Q. What are the requirements for marriage?
A. While there are legal variations from state to state, ordinarily, a couple must obtain a license from the Clerk of a municipal court or government office to get married. Close relatives may not marry each other.
In some states first cousins may marry. Parties to a marriage must have the necessary capacity to enter into a contract; that is, they must be competent, of legal age, and not under the influence of drugs or alcohol. Most states have a "waiting period" of several days between obtaining the marriage license and the actual ceremony.
Q. How old do you have to be to get married?
Q. What type of ceremony is necessary for a valid marriage?
A. Marriages are performed by ordained ministers, notary publics, a judge or a county
clerk, depending on the laws of the state. A religious
ceremony is not necessary for a valid marriage. Ordinarily, one or more witnesses must sign the marriage certificate.
Q. What is a common-law marriage?
A. A common-law marriage is a non-ceremonial marriage that is recognized in a minority of states. In those states which recognize common-law marriages, it is necessary for the couple to clearly represent themselves as being married to the general public, as by introducing themselves as husband and wife, sharing a last name, signing documents as husband and wife and the like. A valid common-law marriage can be ended only by death or divorce. If a couple lives together for a period of time in a state which recognizes common-law marriages, and then moves to another state which does not recognize common-law marriage, the parties are still validly married.
Q. Must a woman assume her husbands last name?
Q. What is necessary to make a prenuptial agreement valid?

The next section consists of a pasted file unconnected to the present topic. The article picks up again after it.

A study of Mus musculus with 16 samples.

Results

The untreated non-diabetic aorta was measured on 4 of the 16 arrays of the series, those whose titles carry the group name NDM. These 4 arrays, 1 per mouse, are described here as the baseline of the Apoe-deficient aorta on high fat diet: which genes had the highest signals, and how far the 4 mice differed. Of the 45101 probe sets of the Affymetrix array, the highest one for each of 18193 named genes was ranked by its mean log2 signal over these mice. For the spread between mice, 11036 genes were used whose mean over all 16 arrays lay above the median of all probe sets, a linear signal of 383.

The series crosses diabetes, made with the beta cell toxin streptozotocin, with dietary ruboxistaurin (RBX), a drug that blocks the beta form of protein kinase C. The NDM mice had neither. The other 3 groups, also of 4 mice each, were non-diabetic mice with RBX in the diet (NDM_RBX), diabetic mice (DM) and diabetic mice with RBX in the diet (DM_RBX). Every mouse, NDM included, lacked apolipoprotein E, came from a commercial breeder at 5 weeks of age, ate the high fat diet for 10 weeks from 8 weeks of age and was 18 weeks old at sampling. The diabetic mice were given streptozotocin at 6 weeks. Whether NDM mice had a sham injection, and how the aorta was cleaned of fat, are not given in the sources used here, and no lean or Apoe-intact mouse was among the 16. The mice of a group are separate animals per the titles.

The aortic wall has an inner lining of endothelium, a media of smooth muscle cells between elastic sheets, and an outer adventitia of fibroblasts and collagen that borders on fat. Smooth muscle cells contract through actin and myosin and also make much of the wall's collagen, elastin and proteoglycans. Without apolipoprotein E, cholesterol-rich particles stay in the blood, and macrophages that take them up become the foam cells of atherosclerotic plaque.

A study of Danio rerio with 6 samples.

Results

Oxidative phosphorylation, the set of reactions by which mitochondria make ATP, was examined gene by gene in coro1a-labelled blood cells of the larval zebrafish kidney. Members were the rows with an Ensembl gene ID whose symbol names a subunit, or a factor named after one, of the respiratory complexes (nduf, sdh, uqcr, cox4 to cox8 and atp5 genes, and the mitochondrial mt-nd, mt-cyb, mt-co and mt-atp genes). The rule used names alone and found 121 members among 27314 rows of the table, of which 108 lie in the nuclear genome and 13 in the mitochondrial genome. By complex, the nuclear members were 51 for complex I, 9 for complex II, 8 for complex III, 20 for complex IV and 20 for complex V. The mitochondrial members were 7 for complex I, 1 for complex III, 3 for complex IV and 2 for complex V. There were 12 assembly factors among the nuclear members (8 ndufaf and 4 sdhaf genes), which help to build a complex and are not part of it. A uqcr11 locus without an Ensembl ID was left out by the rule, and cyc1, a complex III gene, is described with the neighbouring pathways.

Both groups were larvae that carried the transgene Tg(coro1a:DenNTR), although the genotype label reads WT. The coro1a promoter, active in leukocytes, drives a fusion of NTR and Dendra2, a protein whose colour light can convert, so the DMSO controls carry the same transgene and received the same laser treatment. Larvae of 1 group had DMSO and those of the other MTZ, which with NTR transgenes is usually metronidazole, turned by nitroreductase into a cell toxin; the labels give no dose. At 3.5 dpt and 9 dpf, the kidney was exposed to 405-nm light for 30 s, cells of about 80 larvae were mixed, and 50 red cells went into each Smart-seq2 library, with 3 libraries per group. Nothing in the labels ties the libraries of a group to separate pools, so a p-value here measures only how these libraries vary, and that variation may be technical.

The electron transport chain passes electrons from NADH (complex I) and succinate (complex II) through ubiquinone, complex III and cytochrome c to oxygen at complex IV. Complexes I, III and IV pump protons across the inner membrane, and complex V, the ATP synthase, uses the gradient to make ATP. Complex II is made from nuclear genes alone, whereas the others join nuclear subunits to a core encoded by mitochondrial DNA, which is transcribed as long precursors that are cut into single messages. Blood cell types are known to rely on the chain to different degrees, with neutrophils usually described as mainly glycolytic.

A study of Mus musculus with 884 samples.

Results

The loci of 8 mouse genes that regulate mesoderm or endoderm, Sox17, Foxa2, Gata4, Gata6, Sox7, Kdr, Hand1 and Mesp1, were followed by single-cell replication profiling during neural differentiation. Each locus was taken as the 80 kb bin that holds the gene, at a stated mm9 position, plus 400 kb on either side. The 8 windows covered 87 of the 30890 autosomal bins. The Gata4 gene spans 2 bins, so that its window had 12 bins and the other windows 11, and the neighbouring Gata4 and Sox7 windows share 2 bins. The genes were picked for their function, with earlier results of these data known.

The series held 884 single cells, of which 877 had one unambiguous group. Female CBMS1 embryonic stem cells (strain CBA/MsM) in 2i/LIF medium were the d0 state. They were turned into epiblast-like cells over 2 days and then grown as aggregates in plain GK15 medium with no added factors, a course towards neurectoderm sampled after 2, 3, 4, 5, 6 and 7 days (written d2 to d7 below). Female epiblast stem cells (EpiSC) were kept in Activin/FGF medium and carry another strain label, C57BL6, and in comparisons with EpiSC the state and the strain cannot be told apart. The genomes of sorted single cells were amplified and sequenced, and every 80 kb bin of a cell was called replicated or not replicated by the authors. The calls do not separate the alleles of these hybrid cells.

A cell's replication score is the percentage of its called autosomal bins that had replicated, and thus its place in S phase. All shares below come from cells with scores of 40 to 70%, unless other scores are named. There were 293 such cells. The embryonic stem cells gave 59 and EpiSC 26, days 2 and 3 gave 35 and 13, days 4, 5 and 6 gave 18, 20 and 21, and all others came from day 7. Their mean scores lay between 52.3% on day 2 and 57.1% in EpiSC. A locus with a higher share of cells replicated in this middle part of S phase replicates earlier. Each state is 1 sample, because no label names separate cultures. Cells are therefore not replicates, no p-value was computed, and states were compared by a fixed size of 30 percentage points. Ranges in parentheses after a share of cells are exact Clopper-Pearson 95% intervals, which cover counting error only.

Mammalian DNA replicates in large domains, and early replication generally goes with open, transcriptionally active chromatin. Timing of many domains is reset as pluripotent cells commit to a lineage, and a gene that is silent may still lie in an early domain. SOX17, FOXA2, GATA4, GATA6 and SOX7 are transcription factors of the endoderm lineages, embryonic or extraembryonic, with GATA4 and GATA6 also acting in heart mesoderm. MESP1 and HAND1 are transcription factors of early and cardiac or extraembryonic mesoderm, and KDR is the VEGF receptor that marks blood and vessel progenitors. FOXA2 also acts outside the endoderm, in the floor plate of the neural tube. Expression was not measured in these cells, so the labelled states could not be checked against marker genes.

A. Ordinarily, and depending on state law, there must be full disclosure of each of the parties' assets, so that each prospective spouse will know what they are giving up and what they would have been entitled to if no agreement was entered into. While it is not strictly necessary for the parties to have separate attorneys, or to be represented at all, it is strongly recommended that each prospective spouse have their own lawyer. Often, prenuptial agreements will be declared invalid by a judge because of fraud, duress or coercion; when each party is represented, the likelihood of the agreement withstanding such an attack is greatly improved.
Q. Can two people enter into an agreement about expense sharing if they are not married?
A. Two people who want to live together without the benefit of marriage may enter into
agreements fixing each party's obligations during the time they are living together.
Courts are reluctant to enforce such agreements where they spell out obligations to be
performed after separation or termination of the living together arrangement except
insofar as the agreement sets out which party owns personal property.
Q. Are parties to a marriage responsible for separate debts incurred during the marriage?
A. Ordinarily, spouses are not responsible for each others debts unless they execute a
document making them responsible. Credit card companies, for example, often require
each spouse to sign an application where they agree to be jointly responsible for each
others obligations. Some states have special statutes (laws) that make spouses responsible
for each others debts for such necessities as medical expense, and expenses incurred for the benefit of the family. In community property states, spouses are generally responsible for each others debts.
Q. Who is responsible for debts incurred before the marriage?
A. Spouses are generally not responsible for each others pre-marriage debts. In certain
community property states, and under special circumstances, one may become liable for a
spouses pre-marital debts.
Q. Does a wife have a right to her own earnings?
A. A wife owns her own property and earnings; she can dispose of such property as she sees fit.